One of the most conflicting areas of marriage is finances. Therefore, we shouldn’t be surprised when this neutral topic turns into a debate.

According to the Institute for Divorce Financial Analysts, 22 percent of divorces are caused by “money issues.” With statistics this high, the financial interest of our marriage needs to be evaluated.

Generally, there is one person who feels secure in saving money while the other enjoys spending. The spender has the mindset of, “I can’t take it with me when I die” while the saver’s mindset is, “I am still alive and I find comfort in saving money for unforeseen events.”

While the disagreements regarding our finances will occasionally arise, there are preventative measures we can take to lessen the frequency and degree of the tension.

The most obvious is to sit down together and create a monthly or bimonthly budget. Write down all your bill’s and expenses. Take into account expenses you do not receive a bill for such as gas, food and clothing.

Figure out how much you usually pay for each expense and then add 10 dollars more. Estimating high and coming under budget is better than the alternative.

I have found some good budget sheets online. I prefer comparing several to ensure I have thought of every expense.

Creating a budget works especially well for the spender in the marriage, as it shows how much money has to be allotted for essentials and creates boundaries. Budgeting also helps the saver because there is a sense of order.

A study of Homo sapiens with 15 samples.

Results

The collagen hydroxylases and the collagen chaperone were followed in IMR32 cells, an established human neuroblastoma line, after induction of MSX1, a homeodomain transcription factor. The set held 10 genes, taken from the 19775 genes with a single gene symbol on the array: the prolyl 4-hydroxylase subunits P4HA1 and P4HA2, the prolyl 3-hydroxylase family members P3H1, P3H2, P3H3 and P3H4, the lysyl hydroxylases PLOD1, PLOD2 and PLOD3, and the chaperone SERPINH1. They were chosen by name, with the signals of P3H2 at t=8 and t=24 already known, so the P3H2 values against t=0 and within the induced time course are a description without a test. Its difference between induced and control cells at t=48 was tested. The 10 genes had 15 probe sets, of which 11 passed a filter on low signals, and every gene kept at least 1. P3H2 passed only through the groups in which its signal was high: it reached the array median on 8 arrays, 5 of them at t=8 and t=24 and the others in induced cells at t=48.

Some couples may experience tension while attempting to make a budget. This is normal and to be expected especially if financial issues have been a source of marital disagreements.

Another area of tension occurs when couples keep separate banking accounts. While this may seem like a good idea in theory, in the long term, there are issues that arise. Sometimes one of the spouses loses his or her job and no longer has money in “their” account.

I have heard good arguments about why spouses choose separate accounts; however, the root of the majority of them is fear based. When finances are combined, we are forced to look beyond “yours” and “mine” and look at “ours.”

When we look at “ours,” we also learn to work together toward common goals. If our marriage is separated in finances, how can we be united in our goals?

There are exceptions. If your spouse has an addiction (drugs, gambling, shopping, electronics) that is draining your account and you cannot pay the essentials, you may find he or she is unable to function responsibly having access to all of the family’s money.

In this situation, seek to find help for your spouse while staying firm, yet respectful. Explain that your spouse’s choices are harming you, your spouse, your finances and the marriage.

Also, you may have separate accounts for “fun money.” This is fine as long as the other spouse is on the account.

Whether the spouse uses the account is irrelevant. The purpose in this is accountability. It is too easy for mistrust to creep in when we have no idea what our spouse is doing.

Jeremy Roloff said it best: “Marriage is not a consumer relationship, it’s a covenant relationship.”

Remember you are a team in every aspect. Until next time, talk about your money!

Kindra Warner is a marriage group facilitator at Grace Christian Center in Killeen and a Herald correspondent.